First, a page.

After several days of heavy rain across the lower Missouri River basin, the amount of water released into the river is being reduced to help minimize flooding.
The U.S. Army Corps of Engineers says it began reducing the amount of water flowing into the Missouri River on Sunday because of concerns about flooding downstream. On Sunday, the Corps decreased the amount of water being released from Gavins Point Dam, located on the South Dakota-Nebraska state line, from 24,000 cubic feet per second to 12,000 cubic feet per second.
“… that will help the peak stages on the river in some locations and also shorten the duration of the high flows,” the Corps’ Jody Farhat said.
The Army Corps of Engineers visited Cairo, Illinois on yesterday to check on reconstruction projects following last year’s devastating floods. The Corps will invest more than $100 million toward flood protection systems at the confluence of the Ohio and Mississippi Rivers.
Work is resuming on the intentionally breached Birds Point levee in southeast Missouri now that a protest to a construction bid has been deemed "without merit" by the Army Corps of Engineers.
An Oklahoma company last month protested the $20 million in contracts awarded to three other companies to rebuild the levee, which was intentionally breached at the height of 2011 flooding along the Mississippi River. The breach relieved pressure on the flood wall at nearby Cairo, Ill., but damaged 130,000 acres of rich Missouri farmland and dozens of homes.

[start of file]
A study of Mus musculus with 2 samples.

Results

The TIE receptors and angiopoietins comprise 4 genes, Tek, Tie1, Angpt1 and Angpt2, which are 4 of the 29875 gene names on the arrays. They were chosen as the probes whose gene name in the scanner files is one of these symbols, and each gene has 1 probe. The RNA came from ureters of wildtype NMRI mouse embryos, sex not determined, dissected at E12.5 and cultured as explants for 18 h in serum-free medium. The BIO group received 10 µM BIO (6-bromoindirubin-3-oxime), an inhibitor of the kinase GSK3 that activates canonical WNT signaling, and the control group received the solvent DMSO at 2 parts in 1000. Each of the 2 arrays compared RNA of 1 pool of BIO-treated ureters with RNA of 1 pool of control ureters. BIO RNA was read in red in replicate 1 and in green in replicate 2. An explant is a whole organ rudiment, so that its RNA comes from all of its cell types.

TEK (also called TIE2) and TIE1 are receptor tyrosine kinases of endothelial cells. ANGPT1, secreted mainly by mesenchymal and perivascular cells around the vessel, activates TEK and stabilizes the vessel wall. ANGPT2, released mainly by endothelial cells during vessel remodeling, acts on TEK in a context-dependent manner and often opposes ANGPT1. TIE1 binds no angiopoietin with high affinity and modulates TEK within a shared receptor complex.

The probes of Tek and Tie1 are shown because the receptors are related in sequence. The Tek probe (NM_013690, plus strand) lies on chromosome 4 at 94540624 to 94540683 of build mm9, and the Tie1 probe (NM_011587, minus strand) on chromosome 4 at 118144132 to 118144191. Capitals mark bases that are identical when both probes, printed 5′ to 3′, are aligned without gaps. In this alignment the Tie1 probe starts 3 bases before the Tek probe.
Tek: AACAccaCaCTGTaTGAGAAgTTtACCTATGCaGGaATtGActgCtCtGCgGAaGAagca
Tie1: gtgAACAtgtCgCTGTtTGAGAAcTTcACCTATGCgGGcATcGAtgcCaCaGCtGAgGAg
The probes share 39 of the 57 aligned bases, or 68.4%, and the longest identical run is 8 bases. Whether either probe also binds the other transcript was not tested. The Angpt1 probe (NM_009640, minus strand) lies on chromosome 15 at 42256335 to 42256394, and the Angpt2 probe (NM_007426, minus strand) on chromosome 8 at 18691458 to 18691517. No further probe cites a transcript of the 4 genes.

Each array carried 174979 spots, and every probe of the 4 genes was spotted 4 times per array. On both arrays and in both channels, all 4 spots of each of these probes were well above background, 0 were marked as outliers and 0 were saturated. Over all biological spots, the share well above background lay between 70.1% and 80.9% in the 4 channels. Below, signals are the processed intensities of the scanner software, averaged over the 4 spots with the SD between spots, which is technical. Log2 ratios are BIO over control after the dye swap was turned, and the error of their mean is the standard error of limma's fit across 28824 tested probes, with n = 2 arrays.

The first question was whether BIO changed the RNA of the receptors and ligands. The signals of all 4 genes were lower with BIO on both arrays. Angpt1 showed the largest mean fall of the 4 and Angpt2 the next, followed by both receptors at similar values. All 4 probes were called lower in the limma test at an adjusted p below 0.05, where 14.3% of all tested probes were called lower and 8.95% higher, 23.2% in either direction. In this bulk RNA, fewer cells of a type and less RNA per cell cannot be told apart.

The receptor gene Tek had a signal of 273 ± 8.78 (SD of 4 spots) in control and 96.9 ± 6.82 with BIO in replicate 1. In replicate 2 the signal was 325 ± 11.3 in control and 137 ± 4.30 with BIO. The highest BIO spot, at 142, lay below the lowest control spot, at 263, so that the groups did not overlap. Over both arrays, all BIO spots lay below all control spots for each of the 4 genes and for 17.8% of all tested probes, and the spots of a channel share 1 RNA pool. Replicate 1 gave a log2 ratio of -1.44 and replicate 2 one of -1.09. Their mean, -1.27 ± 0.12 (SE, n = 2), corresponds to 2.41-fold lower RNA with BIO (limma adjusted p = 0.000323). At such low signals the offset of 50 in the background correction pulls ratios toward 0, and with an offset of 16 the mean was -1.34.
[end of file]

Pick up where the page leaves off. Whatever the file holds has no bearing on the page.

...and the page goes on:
The Army Corps of Engineers has awarded contracts to three firms for work to repair the Birds Point levee in southeast Missouri, a levee intentionally breached by the corps at the height of spring flooding in 2011.
The U.S. Army Corps of Engineers is seeking dismissal of a lawsuit brought on behalf of more than 140 southeast Missouri farmers over damage caused by last year's intentional breach of the Birds Point levee at the height of spring flooding.
An independent panel says the U.S Army Corps of Engineers did what it could to prevent this year’s record flooding along the Missouri River. But as St. Louis Public Radio’s VERONIQUE LACAPRA reports, changes will be needed to manage increasingly frequent extreme weather events.
At the fourth in a series of public input sessions Thursday night in Jefferson City, farmers and representatives of lawmakers shared opinions and criticism on how the corps handled the historic flooding last May, June and July.
Chronic medical conditions are a huge problem for the homeless, unemployed, or uninsured. In an effort to address this problem, a group of University of Missouri medical students founded MedZou, a student staffed and managed medical clinic that provides free medical care to the uninsured. Though the clinic is a little ad-hoc – it sees patients in a donated meeting area a few nights a month – it provides the students with valuable practice and the patients with potentially life-changing care. KBIA’s Jessica Pupovac has this story.